Winners of the 2022 M.V. Poet Laureate’s Poetry Contest

M.V. Poet Laureate Jill Jupen, along with Island libraries, announce winners of a poetry contest. — Emily Drazen

The Chilmark library, in conjunction with the other Island libraries and Jill Jupen, M.V. poet laureate, offered a poetry contest this year.

Winners in each of the categories, including middle school, high school, and adult poetry, were announced recently, and their poetry is included on this page. There will be a reading and awards presentation in person and on Zoom this Saturday, April 30, at 4 pm at the Chilmark library. 

Adult winners: “Memento Mori” by Fran Schumer, and “Silent Weaver” by Ann Lees 

High school winners: “Fragmented Tides” by Olivia MacPherson, and “My Honest Poem” by Alyssa Sylvia  

Middle school winner: “Mamie Till” by Peter Williamson

Winning poems

Fragmented tides
By Olivia MacPherson

A tsunami of fragmented thoughts swirl by
so fast I cannot recall
Hope and fear and worry alike
this wave so vastly tall
The sea is both reflective and clear
so deep it never ends
The waves ravinge my solitary home
theirs not much time to lend

As the clock rotates
I make no escape
as the waves toss and turn
I feel the power as they devour
The approaching stays stern
I see the wave and watch it pass
sweeping through the land
It’s just me
watching the sea
But I don’t understand

Although the sea listens
it doesn’t hear my words
I tell it what to think about
but it’s like It never heard
The wave caves in
Its remnants paint the sand
I see another approaching
What will it demand

Olivia MacPherson is a sophomore at MVHRS and lives in Oak Bluffs. She started writing poetry in second grade, and it is one of her favorite forms of self-expression.

Mamie Till
By Peter Williamson

I heard on the radio of the news
Oh why oh why that was so cruel
No clue I had that was my son
Ring ring the phone rang
“Sorry ma’am i have some tragic news for you”
Standing still with no words
“Hello ma’am you still there”
I was so scared still in shock
somehow someway
I knew my Emmett Till would die that day.

Peter Williamson is a seventh grade student at West Tisbury School.


Memento Mori
By Fran Schumer

When we cleaned out my grandmother’s apartment
— she died at 95, 80 pounds, a lump in the sheets —
we found a few rolls of toilet paper.
I lived on my own, on a meager salary

I said, “I’ll take them,”
then looked at my mother
and the cleaner who helped us pack
to see if they were shocked —
my thinking so practically,
their faces blank. 

When my friend Liz died, we sorted
through her clothes, beautiful clothes.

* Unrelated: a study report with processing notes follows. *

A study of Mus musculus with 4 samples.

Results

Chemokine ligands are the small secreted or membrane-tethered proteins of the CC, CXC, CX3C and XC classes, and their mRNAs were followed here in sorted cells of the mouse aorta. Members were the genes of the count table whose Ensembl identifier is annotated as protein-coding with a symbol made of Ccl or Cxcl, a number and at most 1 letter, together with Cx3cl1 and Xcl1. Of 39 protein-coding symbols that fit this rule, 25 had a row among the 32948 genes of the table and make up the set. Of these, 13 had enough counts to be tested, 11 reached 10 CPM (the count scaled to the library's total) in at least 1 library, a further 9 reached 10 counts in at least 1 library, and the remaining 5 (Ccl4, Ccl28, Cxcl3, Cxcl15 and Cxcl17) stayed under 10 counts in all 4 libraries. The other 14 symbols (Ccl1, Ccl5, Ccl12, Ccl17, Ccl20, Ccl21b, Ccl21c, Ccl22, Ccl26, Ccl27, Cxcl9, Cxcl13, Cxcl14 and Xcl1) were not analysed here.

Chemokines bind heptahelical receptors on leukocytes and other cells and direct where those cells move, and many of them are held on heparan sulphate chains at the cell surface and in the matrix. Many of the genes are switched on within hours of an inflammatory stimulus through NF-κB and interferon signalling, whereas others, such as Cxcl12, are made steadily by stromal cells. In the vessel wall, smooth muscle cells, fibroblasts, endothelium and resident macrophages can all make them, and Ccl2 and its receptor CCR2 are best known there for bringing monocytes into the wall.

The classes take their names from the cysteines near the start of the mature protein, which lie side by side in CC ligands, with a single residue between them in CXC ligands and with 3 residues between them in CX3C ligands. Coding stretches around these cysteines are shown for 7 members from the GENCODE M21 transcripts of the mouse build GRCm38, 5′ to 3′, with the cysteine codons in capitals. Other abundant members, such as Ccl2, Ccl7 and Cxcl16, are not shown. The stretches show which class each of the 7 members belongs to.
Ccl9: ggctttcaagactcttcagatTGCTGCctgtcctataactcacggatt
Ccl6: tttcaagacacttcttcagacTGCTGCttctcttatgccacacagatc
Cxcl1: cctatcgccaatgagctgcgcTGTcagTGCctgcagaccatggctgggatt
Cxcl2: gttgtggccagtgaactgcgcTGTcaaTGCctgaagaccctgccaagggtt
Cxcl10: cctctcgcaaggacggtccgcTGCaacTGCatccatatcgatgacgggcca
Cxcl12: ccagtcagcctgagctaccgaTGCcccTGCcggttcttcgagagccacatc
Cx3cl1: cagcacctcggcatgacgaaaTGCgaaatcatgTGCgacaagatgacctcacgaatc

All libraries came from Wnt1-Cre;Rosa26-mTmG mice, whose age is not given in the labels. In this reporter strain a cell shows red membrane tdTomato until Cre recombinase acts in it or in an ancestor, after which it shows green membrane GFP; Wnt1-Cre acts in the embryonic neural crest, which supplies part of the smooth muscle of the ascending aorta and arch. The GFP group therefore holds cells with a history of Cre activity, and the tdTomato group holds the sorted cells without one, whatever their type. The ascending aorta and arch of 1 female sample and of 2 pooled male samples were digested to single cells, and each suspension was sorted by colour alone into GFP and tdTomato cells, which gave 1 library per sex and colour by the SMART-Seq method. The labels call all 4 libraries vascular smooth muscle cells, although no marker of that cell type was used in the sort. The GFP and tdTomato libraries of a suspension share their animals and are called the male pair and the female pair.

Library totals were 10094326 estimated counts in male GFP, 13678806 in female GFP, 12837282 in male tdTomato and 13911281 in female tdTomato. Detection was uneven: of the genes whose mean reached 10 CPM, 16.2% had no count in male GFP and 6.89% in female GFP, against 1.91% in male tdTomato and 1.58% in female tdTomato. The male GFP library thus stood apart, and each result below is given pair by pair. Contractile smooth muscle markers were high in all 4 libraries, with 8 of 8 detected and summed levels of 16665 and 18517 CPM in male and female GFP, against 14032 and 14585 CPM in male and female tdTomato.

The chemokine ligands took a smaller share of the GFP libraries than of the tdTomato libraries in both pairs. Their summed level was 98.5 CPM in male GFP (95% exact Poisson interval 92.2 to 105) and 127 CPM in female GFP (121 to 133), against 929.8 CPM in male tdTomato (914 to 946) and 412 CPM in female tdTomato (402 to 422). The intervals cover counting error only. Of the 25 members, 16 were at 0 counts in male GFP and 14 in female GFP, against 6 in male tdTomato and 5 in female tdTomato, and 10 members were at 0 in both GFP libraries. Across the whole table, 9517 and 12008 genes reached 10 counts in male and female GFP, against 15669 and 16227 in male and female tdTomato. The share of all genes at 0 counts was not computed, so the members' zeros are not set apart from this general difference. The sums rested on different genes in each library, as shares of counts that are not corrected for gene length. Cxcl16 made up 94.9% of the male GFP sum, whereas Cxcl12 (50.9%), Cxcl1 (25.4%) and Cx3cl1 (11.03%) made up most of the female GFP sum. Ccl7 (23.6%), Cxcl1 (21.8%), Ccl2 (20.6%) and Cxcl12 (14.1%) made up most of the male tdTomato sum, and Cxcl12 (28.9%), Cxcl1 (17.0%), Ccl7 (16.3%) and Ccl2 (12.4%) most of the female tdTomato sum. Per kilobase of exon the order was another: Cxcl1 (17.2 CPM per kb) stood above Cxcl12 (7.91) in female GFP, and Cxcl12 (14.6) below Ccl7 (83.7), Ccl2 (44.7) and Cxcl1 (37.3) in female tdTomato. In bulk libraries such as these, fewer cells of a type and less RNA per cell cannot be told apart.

I envied her her taste, earrings, apartment
off Madison; all those taxis she took

while I descended into Grand Central
hauling a tote with her Irish sweater, silken shawl,
skinny trendy workout clothes
that fit me perfectly.

Looking up at painted Orion, I realized I missed her,
and wished I’d taken the earrings.

Fran Schumer is a seasonal resident of Oak Bluffs who plans to move to the Island year-round. She has published two nonfiction books and numerous articles and poems in various publications, including the New York Times and The Nation, and she is a 2021 winner of a Martha’s Vineyard Institute of Creative Writing poetry fellowship.


My honest poem
By Alyssa Sylvia

I was born on February 6th
I hear that makes me and Aquarius and a water Goddess
I had no idea how cold it was because I was just born
And I’m a sucker for a friend with love and blue eyes
I’m still learning how to make cookies
I’m big but everyone thinks I’m tiny
In tiny places I’m big
I was born with a head problem
I’ve been special ever since
I like Titanic a lot
I’ve been told I fold clothes badly
My grandmother keeps teaching me how to fold but I still don’t get it
Secretly I get really nervous when a blue eyed boy walks past me
I have an odd fascination with fidgets+DNA Ball
I assume I like them because they relax me
I guess that’s why it rains cats and dogs
You see Fidgets remind me that I’m not afraid of stress and anger
But I’m scared to death of everything that’s gonna happen the very moment I see a mask
I’m clumsy
Yesterday I tripped over my shoelaces, landed on my phone and it shattered like glass
I’ve never been in the Eiffel tower but I have a fear of getting sick
I know this sounds weird but I Wonder what my dog says about me when I’m not around
He barks a lot and I want to understand him
Hi,My name is Alyssa
I enjoy my dogs, music, pizza, and my family
But I don’t drink water as often as I should.
I have solar power talent
And battery operated singing
My hobbies include

  • Drawing
  • Painting
  • Being with my dog Chevy
  • Singing
  • Editing my book 
  • Hiding behind a wall
  • And trying to convince my dad that I’m wanting to date someone 

You see I don’t know much, but I do know this:
I know that I’m a good person
And i know that I will never change

Alyssa Sylvia is a 10th grader at Martha’s Vineyard Regional High School. A resident of West Tisbury, she has been writing poetry since the seventh grade and enjoys the ability poetry gives her to express her thoughts and feelings.


Silent Weaver
By Ann Lees

A breakfast plate sits
at the other end of the table.
All that remains: a few crumbs,
a half-finished glass of milk,
an empty chair where
only a few hours ago
my five-year-old grandson sat
chattering and munching
toasted homemade bread.

These few strands shine light
on a fragile history, memories
of my own young children—
how it felt as if their places
would always be set.

But silently, slowly, time
unravels the carefully woven
fabric of mother, father, child
and uses the threads to weave
a different cloth.

Ann Lees divides her time between Chilmark and Brookline.